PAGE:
The ability to recognize that it is not a good practice to tattle on someone when you are the entire cause of the problem is not known to children naturally. They have to learn it. And we parents are to be the unwitting teachers in that endeavor. Sooner or later, the kids pick it up. However I would have thought that #4 would already be familiar with that truth. I have written about it before in the past post Discipline and Observation.
When #4 walked in hauling #5 by the arm, he looked as guilty as if he had been caught stealing cookies. #4 presented her captive to Wife as to an executioner. She announced, “He stepped on #6’s head!”
Wife turned to the four year-old. “Why did you step on your brother’s head?”
#5 stammered, “I… well… I didn’t… well she pushed me!” He pointed an accusing finger at #4.
She seemed to shrink into herself like a turtle as Wife rounded on her. Before Wife could unleash her reserves of discipline upon the little girl, #4 blurted out her defense as only a five year-old could. “I didn’t know! I didn’t know that if I pushed #5 he would step on #6’s head! I didn’t know!”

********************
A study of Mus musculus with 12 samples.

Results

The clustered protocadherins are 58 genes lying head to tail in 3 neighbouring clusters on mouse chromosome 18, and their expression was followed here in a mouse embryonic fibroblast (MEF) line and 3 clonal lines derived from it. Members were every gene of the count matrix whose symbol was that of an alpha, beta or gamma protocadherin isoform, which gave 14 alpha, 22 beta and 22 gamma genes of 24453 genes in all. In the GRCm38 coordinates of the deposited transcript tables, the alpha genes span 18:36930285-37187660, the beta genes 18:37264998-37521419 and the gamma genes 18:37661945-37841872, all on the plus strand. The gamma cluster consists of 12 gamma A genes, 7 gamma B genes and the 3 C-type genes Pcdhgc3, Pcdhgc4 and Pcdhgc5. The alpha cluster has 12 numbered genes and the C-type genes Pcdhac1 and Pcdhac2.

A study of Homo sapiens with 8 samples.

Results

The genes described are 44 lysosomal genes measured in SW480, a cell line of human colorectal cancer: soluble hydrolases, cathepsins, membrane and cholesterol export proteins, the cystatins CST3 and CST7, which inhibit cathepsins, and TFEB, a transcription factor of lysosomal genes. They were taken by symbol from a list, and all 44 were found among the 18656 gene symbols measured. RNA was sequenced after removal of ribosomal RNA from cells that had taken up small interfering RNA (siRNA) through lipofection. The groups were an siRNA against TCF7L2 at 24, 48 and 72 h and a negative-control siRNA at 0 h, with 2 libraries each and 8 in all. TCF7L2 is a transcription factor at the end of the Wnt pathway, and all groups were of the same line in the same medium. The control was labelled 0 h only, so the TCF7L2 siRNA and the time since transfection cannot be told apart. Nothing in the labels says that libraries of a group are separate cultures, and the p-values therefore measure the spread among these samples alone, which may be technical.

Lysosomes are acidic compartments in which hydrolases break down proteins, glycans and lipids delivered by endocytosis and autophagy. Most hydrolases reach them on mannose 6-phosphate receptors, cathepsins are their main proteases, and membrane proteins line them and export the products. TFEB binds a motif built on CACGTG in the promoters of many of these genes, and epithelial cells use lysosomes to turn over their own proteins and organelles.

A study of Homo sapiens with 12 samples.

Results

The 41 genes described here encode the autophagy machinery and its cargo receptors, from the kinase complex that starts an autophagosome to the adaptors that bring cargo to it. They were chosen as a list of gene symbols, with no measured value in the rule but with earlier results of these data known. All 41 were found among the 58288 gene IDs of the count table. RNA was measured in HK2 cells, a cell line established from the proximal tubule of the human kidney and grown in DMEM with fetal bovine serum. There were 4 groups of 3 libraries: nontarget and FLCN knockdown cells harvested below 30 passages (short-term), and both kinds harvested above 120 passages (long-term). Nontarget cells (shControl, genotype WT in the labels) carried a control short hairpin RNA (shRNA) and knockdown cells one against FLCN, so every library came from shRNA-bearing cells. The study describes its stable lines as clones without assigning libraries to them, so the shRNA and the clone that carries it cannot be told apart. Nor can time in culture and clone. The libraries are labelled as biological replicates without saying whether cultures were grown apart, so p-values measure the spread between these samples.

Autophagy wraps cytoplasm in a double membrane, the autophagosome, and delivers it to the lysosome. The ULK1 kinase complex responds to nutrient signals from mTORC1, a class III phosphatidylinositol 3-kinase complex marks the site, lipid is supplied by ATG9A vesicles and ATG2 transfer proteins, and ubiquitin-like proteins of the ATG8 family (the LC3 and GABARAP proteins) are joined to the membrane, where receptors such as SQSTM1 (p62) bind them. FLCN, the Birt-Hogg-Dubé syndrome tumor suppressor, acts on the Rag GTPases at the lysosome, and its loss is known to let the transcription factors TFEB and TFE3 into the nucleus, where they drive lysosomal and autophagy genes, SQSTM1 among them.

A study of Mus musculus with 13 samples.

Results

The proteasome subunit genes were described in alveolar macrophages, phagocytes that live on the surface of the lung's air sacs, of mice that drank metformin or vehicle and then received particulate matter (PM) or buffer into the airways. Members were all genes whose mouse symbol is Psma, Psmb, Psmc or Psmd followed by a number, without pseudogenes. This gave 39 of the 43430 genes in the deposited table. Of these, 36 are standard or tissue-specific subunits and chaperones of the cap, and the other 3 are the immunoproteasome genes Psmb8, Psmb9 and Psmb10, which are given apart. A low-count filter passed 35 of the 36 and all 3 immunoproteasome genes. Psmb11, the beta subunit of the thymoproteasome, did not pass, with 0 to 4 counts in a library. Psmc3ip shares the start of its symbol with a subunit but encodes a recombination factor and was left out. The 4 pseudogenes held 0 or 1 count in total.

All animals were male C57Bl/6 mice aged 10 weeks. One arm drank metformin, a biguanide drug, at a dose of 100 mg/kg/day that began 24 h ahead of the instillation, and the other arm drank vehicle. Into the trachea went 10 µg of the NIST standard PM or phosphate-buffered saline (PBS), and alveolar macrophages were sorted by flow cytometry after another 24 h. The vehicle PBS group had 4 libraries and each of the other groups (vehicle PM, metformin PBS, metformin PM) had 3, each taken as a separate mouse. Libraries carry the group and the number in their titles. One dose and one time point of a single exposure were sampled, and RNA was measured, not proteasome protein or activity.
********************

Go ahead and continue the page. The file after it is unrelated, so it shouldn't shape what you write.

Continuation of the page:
Needless to say, her excuse was not enough to save her from the trouble she was in.
Of course it must be mentioned that #4 is more intelligent than I would like. A stupid child might take some time to learn what is unacceptable, however once learned they simply stop. But a smart child takes longer, especially if they are obstinate like #4, for once it got through her thick head picking on her younger siblings by tattling would only get her in trouble, she quickly began to explore other avenues. So now we have to watch out for her more subtle manipulations. Let me illustrate.
#4 had been waiting for her turn with the toy that #6 had. #6 decided that he had not had enough time. #4 took matters into her own hands. “Ok,” she said, “if you don’t give it to me I’m gonna to count to ten. I’m going to count to ten and if you don’t give it to me I’m gonna tell you that your drawing, the one you drew for mommy, I gonna tell you that it is ugly. Ok. One… two… three… four… five… six… seven… eight… nine… ten! Ok! Your drawing is ugly!”
The shock of all was it worked! The three year-old burst into uncontrollable weeping until his sister took the toy and then assured him that his drawing was not ugly.